Nfld. & Labrador

Shuttered Bloom Lake mine may have new owner

The shuttered iron ore mine at Bloom Lake in northeastern Quebec may soon have new buyer, with Champion Iron Ore close to inking a deal for the mine and rail assets.

Champion Iron Ore describes mine and rail assets as 'exceptional opportunity'

The Bloom Lake iron ore mine in northeastern Quebec may soon have a new owner.

The shuttered iron ore mine at Bloom Lake in northeastern Quebec may soon have new buyer, with Quebec Iron Ore Inc., close to inking a deal for the mine and rail assets.

The company, which is a subsidiary of Champion Iron Ltd., issued a news release Friday saying it has reached a purchase agreement with affiliates of U.S. based Cliffs Natural Resources Inc. for the mine and railway, and mineral claims owned by the Quinto Mining Corp., for $10.5 million.

Champion will also assume responsibility for environmental liabilities assessed at nearly $42 million by the Quebec government.

Close proximity to Labrador

The site is located near the border with western Labrador, and was a source of significant economic spinoffs when the mine was in operation.

Cliffs closed the mine last January amid a downturn in iron ore prices and sought creditor protection after pouring vast amounts of money into the operation.

It employed some 600 people.

Cliffs also closed the long-running Wabush Mines in western Labrador, displacing another 400 workers and delivering a devastating blow to the region's economy.

Cliffs has been restructuring its Canadian operations under the Companies' Creditors Arrangement Act.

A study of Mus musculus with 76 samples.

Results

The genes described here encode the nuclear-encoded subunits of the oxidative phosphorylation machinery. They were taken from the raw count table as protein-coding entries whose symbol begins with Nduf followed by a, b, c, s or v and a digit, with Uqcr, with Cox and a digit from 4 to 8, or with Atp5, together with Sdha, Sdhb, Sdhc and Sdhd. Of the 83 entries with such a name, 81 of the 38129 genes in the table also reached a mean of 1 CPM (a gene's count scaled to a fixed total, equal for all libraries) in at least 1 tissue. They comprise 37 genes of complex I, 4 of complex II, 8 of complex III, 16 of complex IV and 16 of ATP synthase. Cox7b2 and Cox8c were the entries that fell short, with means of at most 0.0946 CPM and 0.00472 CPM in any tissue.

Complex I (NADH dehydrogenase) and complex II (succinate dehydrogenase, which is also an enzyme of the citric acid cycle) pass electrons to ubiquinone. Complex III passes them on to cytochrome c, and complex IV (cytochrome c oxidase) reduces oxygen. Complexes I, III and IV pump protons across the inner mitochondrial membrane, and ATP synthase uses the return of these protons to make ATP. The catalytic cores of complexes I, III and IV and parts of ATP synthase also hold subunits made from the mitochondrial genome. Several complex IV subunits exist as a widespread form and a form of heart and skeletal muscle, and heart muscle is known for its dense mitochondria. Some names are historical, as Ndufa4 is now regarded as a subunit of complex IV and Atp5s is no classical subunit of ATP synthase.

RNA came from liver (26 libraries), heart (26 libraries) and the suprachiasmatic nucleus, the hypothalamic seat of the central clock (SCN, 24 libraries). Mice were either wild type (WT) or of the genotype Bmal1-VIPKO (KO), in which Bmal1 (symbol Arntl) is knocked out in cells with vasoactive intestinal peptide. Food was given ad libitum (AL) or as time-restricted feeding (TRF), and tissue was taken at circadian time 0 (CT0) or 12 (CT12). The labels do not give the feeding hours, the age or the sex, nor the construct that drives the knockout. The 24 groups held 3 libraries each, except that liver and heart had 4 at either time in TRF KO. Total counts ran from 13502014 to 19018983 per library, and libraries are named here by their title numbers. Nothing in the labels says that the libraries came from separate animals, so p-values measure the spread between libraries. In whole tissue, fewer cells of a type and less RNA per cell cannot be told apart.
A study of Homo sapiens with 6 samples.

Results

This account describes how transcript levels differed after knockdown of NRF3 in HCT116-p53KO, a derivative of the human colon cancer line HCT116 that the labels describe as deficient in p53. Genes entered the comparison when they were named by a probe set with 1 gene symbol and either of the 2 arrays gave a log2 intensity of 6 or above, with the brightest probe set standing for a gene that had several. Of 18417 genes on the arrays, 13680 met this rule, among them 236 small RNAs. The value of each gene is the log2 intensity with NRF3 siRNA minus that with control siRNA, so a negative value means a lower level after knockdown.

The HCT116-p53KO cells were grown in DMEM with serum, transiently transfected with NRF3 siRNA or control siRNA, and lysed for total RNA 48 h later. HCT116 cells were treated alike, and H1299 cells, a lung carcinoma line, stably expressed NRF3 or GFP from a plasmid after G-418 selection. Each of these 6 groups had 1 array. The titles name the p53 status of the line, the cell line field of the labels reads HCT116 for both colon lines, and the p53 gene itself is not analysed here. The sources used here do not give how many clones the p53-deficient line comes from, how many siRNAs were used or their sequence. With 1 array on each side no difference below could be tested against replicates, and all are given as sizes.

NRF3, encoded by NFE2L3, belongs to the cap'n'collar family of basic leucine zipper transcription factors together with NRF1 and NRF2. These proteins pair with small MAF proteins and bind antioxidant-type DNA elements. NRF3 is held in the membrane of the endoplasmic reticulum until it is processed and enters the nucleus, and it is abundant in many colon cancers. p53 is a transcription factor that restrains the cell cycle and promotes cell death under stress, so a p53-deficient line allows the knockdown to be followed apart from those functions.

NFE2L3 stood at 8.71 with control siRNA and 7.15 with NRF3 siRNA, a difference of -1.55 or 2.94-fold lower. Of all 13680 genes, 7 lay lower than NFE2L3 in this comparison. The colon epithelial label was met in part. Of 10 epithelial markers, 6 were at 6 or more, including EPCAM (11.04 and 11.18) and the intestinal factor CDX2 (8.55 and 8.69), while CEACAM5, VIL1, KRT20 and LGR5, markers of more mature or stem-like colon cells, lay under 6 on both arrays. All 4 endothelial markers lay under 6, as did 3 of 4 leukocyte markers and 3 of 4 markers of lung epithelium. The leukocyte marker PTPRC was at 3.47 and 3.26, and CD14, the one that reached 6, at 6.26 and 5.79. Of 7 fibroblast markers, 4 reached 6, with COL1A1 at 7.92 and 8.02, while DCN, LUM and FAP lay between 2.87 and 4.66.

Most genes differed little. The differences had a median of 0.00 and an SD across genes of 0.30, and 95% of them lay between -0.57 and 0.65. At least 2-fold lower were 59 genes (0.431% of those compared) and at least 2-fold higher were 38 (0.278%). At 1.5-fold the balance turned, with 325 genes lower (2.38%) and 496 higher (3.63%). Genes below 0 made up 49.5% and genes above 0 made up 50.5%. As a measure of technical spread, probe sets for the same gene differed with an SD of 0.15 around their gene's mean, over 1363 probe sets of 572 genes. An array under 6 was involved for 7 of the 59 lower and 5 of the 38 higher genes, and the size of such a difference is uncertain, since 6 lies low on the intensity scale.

There have been whispers of a potential buyer for Wabush Mines as well, but so far no deal has been reached with MFC Industrial, a potential suitor.

'Exceptional opportunity'

Meanwhile, the executive chairman and CEO of Champion, Michael O'Keefe, said in a statement that Bloom Lake is an "exceptional opportunity" for the company.

"Champion has reviewed the Bloom Lake assets and has gained significant insight and confidence in the project from both a technical and financial perspective," O'Keefe said.

"The tough market conditions have meant that we have been able to negotiate a competitive and successful bid. This in turn allows us to deliver the prospect of economic growth and employment for the region, and strong upside potential for our shareholders and other stakeholders."

The company also has confidence that any production at Bloom Lake will have a market.

"Additionally, discussions with strategic partners, funds, government agencies and private investors are at an advanced stage for the company to obtain additional financing in order to secure up to 24 months of care and maintenance should low iron ore prices prevail during this period."

'Hibernation' an option until markets pick up

The company believes Bloom Lake can become one of the lowest capital cost mines in the world.

The plan includes boosting yearly production of high quality ore from six to seven million tonnes, and achieving "significant cost reductions."

But with ore prices at a 10-year low, is it really possible to turn a profit at Bloom Lake?

O'Keefe said an extensive amount of work has been done to prepare the site for closure, making Bloom Lake a good candidate for "hibernation" until markets recover.

Any deal for the purchase of Bloom Lake must be approved by the Québec Superior Court, and could be finalized by the first quarter of 2016.

About the Author

Terry Roberts is a journalist with CBC's bureau in St. John's.